After defence lawyer Danielle Robitaille cancelled her keynote presentation at Wilfrid Laurier University’s Criminology Student Association conference on the Brantford campus, the Laurier community, as well as numerous publications around Kitchener-Waterloo and the Greater Toronto Area, began the debate on what constitutes free speech on university campuses.
On March 3, Danielle Robitaille was announced by the CSA as one of the conference’s keynote speakers.
Robitaille came into the spotlight in 2014 after becoming former CBC radio host’s Jian Ghomeshi’s defence lawyer, who was tried and acquitted for sexual assault.
As a response, the Advocates for a Student Culture of Consent (ASCC) created an official Facebook page called “We Believe Survivors: a Call to Action at Laurier Brantford” as a form of resistance to Robitaille’s presentation.
“We believe that this event not only decenters this work, but actively challenges the trajectory that Laurier has been creating around Gendered Violence,” read the group’s Facebook post.
On March 7, it was announced by the CSA that Robitaille cancelled her presentation at the conference, supposedly due to safety concerns for herself and other conference members.
Since the announcement of her cancellation, numerous editorials and opinion columns have discussed the controversy surrounding Robitaille’s cancelled presentation and if it was the right decision.
One of these opinion columns titled “Free speech at university under attack … again” was written by Laurier Brantford’s associate professor of digital media and journalism and religion and culture, David M. Haskell.
In his column, Haskell focused on how free speech is being scrutinized on university campuses and how the ability to think critically from students is being exposed to challenging ideas.
“Unfortunately, the truth of that argument is called into question when significant numbers of our students demand not to be exposed to competing ideas,” Haskell wrote in his column.
In an email statement to The Cord, Haskell focused on the case that several times a month on post-secondary campuses in North America, a group of students prevents another group from hearing a speaker they wanted to hear and how the “intolerance … toward diversity of ideas … must stop.”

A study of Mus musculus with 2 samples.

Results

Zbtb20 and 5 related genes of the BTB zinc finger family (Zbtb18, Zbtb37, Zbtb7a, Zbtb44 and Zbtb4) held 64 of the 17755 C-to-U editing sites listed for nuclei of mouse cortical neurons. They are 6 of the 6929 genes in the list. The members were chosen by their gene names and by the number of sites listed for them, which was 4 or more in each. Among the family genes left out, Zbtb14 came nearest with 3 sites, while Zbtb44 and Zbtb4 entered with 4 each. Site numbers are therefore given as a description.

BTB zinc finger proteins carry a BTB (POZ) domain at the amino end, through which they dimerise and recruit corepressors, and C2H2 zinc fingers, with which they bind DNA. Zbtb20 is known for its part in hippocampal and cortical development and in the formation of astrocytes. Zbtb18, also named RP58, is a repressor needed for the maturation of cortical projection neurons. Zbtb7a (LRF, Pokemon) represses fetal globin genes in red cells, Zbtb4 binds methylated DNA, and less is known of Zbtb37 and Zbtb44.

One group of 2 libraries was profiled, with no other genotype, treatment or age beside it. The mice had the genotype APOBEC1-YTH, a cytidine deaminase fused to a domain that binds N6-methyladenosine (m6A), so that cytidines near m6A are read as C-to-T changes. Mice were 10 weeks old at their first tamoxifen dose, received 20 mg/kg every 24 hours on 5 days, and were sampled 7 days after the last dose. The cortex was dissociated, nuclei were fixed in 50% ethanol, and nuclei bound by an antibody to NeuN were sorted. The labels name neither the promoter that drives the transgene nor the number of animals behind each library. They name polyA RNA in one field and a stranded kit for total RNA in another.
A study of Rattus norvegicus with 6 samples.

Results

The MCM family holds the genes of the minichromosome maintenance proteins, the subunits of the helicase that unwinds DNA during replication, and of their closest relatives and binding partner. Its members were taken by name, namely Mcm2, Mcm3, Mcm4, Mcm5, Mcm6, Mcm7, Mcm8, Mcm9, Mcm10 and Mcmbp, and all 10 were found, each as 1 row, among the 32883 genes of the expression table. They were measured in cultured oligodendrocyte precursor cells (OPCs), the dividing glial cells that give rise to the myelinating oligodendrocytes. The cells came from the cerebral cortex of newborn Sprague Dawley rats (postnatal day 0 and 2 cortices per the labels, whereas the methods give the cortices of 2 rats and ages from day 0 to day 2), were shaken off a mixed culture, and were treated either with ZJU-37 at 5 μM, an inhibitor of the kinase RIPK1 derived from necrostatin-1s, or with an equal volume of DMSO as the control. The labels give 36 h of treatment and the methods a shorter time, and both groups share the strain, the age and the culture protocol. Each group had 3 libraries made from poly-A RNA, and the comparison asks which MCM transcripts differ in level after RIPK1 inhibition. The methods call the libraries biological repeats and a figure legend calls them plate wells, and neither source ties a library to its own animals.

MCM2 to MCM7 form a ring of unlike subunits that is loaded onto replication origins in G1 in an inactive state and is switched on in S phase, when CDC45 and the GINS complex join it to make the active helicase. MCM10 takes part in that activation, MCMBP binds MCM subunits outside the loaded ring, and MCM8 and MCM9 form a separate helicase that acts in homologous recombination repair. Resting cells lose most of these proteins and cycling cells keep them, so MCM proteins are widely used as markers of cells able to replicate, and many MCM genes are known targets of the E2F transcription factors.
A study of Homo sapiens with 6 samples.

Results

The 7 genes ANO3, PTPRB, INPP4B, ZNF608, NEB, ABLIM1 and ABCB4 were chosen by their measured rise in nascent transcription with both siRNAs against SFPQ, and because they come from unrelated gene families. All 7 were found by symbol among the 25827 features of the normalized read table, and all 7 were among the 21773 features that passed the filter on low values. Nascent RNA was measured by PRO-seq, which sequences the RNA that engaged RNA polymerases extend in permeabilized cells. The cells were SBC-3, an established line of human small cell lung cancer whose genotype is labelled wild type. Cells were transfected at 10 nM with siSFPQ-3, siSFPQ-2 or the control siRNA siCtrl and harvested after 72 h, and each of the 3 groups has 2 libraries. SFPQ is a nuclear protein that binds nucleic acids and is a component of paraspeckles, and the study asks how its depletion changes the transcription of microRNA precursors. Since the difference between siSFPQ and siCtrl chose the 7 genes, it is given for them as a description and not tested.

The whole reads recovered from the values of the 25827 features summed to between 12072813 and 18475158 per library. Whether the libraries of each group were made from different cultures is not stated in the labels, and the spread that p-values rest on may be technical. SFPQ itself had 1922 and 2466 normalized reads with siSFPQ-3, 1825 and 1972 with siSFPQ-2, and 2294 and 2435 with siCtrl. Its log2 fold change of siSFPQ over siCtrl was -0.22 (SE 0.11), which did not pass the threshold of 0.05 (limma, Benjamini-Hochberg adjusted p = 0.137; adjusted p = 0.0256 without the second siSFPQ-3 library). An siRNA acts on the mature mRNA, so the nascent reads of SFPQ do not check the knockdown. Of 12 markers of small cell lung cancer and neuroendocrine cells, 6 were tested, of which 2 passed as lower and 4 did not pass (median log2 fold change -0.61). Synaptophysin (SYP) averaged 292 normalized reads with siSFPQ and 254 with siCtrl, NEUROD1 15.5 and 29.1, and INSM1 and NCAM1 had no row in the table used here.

“It must be stopped because stifling and censoring ideas is in complete opposition to the mandate and mission of universities. The very essence of a university is the fostering of open, unconstrained inquiry though freedom of expression — be it spoken or written.”
“Shutting down speakers who hold ideas that you disagree with, or encouraging students that such behaviour is legitimate on a university campus, directly contradicts the values and mission … of a university.”
“It contradicts the values and mission of our university,” Haskell wrote in his statement.
At the end of his statement, Haskell concluded that the university must make a choice to foster an environment where Laurier’s greatest priority is the pursuit of knowledge, which comes through an open contest of ideas.
“In short, I want to see a policy passed that ensures Wilfrid Laurier University is safe place for ideas, even the controversial ones. I hope others on campus who are of the same mind will begin to raise their voice in support of free speech.”
On March 20, ASCC published an open letter to the Laurier community, which critiqued the university’s participation in the conference and their reaction to ASCC after Robitaille’s cancellation.
“You exploit ASCC’s unpaid labour when it serves you, and then are silent as you allow your professors and deans to scoff at us and publicly pick their teeth with our bones. We see you, Laurier, and we are so disappointed,” read the letter.
The co-founder of ASCC, Brittany Bennett, also published a column to The Waterloo Record as a response to the organization’s reaction to Robitaille’s keynote presentation.
In her article, Bennett explained how an ASCC representative met with the CSA regarding their concerns with the keynote.
According to Bennett, ASCC practiced peaceful democratic action and utilized the power of free speech, rather than shutting it down.
“An ASCC representative met with the CSA regarding the above concerns, feeling limited within such a short time-frame to respond.”
“Unfortunately, the association chose not to implement any of the support measures we suggested, and advertising for the event focused on the titillating scandal rather than critical inquiry,” Bennett wrote in her column.
According to The Record, Robitaille’s law office released her correspondence to Laurier students. Robitaille outlined that she would have shown up to the conference if she was given more time to prepare if possible protests broke out.
“I simply don’t have a sense of the scope of the objection, whether any International Women’s Day demonstrations will be combined with protests against the talk,” Robitaille wrote in cancelling, as published in The Record. “From my perspective, the roadblock here is logistical and there are no hard feelings.”